The main range comprises the great hall, reached through the entrance porch in the base of the clock tower. The porch floor is laid with Minton tiles (designed by Pugin) and its walls are faced with linenfold panelling. It has a simple panelled ceiling. Doors to R and L lead to spiral stairs which have stained glass panels, and lead up to the clock tower and gallery in the hall. The doorway to the hall is under a Tudor arch and above it, in relief, is foliage with 'WELCOME' in archaic script. The half-lit doors have Perpendicular-style tracery with stained glass, above linenfold panelling. Clock cabinet in 2nd storey room of tower, with clockface under balcony facing Great hall: the clock was ordered from Wagner of Paris in 1855-6 and installed in the tower in 1858; ornate oak case with ornamental bronze work by E. Vittoz.
The great hall is the showpiece of the interior. It has a hammer-beam roof, with lions on the ends of the beams, which stand on wall shafts with foliage and shield corbels. The underside of the roof is composed of a frieze of Welsh family shields below a ceiling of stained glass consisting primarily of foliage in quatrefoils. Suspended from the ceiling, by means of knotted 'ropes' of iron, are 3 large cast iron chandeliers. These are composed of a large orb with pendant, and sprouting tendrils which form into the bodies of cherubs who hold further tendrils in their outstretched arms. Between each cherub is a bird or animal head in a shield on the central orb. A Tudor-style fireplace has a large overmantle with raking hood. The walls have linenfold panelling. There are galleries in each corner of the hall, and a larger one on the W side entered from the clock tower. All have wrought iron balustrading in Gothic style. To the W gallery is a pair of doorways formed of crocketed Tudor arches, flanked by empty statue niches. The upper W windows have stained glass which incorporates Naylor's monogram, heraldic devices, and in the margin lights Naylor's personal rebus (a nail with the letters 'o' and 'r').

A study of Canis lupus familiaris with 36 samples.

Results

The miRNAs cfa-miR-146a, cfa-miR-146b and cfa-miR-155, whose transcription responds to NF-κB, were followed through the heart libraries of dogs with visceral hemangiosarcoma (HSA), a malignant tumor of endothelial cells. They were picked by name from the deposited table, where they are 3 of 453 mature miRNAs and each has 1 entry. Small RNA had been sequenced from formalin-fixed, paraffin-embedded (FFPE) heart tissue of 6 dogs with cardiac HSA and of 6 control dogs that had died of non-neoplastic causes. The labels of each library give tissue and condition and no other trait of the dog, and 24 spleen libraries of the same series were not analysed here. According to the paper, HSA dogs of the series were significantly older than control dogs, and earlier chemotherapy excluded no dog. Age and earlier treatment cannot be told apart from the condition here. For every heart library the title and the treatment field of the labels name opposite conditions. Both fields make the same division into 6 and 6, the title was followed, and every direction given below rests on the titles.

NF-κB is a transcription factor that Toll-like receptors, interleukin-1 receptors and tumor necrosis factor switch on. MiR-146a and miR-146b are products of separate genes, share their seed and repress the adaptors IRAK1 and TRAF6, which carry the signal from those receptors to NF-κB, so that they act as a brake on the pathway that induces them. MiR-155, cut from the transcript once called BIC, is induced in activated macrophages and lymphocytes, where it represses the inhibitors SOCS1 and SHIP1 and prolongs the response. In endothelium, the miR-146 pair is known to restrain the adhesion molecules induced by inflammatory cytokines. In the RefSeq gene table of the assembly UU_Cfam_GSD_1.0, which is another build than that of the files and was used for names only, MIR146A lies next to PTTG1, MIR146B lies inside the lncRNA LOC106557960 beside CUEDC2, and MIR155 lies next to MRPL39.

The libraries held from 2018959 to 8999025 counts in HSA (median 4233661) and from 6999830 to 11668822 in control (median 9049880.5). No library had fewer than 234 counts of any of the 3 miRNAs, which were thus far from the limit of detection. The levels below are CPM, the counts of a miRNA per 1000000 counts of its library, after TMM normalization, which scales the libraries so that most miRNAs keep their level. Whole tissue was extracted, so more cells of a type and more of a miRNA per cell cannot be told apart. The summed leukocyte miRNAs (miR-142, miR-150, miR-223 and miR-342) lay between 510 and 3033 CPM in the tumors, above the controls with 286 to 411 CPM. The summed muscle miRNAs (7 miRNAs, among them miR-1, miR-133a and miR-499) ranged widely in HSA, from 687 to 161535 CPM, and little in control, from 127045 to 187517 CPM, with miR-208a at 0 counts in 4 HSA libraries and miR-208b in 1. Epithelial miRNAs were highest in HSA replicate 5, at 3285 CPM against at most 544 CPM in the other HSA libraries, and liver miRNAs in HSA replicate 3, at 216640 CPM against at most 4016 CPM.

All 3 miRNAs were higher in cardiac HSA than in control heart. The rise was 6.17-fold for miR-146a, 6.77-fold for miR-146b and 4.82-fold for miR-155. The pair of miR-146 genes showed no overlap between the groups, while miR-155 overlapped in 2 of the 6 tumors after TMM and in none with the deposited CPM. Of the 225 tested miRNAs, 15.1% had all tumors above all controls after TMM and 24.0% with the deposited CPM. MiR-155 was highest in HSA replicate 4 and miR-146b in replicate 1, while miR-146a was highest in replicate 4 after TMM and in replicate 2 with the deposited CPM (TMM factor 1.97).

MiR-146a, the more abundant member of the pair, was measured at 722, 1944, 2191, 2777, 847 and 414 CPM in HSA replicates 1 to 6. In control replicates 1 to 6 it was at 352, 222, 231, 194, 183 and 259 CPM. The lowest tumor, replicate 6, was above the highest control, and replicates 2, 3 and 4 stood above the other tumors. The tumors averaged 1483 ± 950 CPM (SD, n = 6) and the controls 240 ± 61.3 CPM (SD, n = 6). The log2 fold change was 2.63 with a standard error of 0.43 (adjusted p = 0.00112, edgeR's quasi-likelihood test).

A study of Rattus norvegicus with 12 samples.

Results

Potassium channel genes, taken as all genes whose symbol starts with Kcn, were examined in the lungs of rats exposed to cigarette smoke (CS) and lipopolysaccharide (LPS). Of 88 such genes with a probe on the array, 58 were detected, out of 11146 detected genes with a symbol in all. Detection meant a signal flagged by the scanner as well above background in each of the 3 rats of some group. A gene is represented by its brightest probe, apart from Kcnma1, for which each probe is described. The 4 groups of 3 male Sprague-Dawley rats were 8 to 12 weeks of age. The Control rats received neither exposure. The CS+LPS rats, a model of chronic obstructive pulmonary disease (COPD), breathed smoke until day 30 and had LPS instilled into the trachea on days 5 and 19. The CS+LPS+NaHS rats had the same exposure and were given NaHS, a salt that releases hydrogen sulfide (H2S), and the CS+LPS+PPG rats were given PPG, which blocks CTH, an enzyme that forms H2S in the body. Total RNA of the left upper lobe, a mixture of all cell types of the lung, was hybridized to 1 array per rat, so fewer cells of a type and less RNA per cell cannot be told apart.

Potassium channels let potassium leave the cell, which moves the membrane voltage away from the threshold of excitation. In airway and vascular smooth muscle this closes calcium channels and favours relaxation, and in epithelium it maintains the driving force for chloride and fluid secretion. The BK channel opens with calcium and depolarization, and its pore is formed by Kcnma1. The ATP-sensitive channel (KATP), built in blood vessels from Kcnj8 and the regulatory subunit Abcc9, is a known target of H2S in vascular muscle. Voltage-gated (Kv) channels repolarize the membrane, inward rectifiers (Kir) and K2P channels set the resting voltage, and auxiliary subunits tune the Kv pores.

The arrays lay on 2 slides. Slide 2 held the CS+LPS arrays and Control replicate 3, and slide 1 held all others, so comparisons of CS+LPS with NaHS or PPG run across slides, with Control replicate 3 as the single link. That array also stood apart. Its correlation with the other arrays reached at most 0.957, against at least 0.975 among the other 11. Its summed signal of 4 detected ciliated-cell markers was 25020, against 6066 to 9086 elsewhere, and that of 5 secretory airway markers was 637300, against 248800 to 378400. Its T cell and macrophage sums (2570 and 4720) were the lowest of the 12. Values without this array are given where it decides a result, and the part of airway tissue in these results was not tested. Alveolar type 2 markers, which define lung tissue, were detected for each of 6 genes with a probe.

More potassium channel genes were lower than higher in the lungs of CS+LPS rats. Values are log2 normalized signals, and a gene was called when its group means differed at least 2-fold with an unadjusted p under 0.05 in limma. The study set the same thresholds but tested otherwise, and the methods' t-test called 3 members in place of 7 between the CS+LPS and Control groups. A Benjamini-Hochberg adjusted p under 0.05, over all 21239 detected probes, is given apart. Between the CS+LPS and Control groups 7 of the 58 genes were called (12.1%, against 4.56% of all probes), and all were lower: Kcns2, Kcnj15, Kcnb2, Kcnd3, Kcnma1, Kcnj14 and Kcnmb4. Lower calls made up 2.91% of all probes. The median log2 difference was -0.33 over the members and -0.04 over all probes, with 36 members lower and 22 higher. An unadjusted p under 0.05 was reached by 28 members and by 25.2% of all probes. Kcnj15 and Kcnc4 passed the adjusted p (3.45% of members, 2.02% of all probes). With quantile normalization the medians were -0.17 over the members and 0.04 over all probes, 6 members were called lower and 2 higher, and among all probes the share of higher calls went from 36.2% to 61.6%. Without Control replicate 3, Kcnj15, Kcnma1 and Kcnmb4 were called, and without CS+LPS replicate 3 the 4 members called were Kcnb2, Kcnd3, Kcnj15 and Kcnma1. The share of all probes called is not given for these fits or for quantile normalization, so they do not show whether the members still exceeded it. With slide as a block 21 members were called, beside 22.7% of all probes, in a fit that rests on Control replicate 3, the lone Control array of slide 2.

From the hall there is the library on the S side, the service wing on the E side and a range of rooms in the N wing, parallel to which is a long corridor, which also gives access to the service wing. The doors to the main rooms have linenfold panelling in moulded surrounds with brattishing. The main rooms also have linenfold panelling around the walls.
From the hall, the first 2 rooms of the N wing have panelled ceilings with gilding and polychrome stencil painting of naturalistic foliage, on painted cornices of foliage trails and billets, decorated by Crace to Pugin’s designs. Each room also has an opulent alabaster fireplace consisting of a Tudor arch below a quatrefoil frieze, above which is a large mirror flanked by compound shafts and with brattishing above. The windows in each room have shutters with linenfold panelling. A third room in the N wing, immediately beyond the previous 2, has a plainer panelled ceiling (above a cornice of vine trails) which has gilded foliage bosses, and panels (some of which are lozenge-shaped) with stencilled foliage more stylised than in the other rooms.
The library has a panelled ceiling painted white (although the original stencil painting of naturalistic foliage is exposed in one small panel) above a cornice of foliage trails. It also has a large fireplace similar to those of the N wing, but in stone, which has a quatrefoil frieze incorporating Naylor's monogram and the heraldic device of dragons rampant.
The corridor of the N wing is laid with Minton tiles and contains the main open-well stair immediately behind the Great Hall. The stairwell is top-lit, having a stained glass octagon containing a variety of devices, including Naylor's monogram. The stair has a wreathed handrail, newels carved with foliage and rosettes, thick balusters, strings carved with foliage and a panelled dado.
The service wing includes an original strong room with cast iron door and safes. Most of the rooms have their original cupboards and there are also some large slate floor slabs.
On the first floor several rooms in the N wing have marble fireplaces. All the main rooms have doorways with embattled surrounds and doors with linenfold panelling, and linenfold panelling beneath the window sills. Within the roof are lead-lined troughs which collect water from the roofs, and which was then stored in a large cistern in the cellar. The cellars also have slate slab floors and ceilings, alcoves and compartments with slate shelves.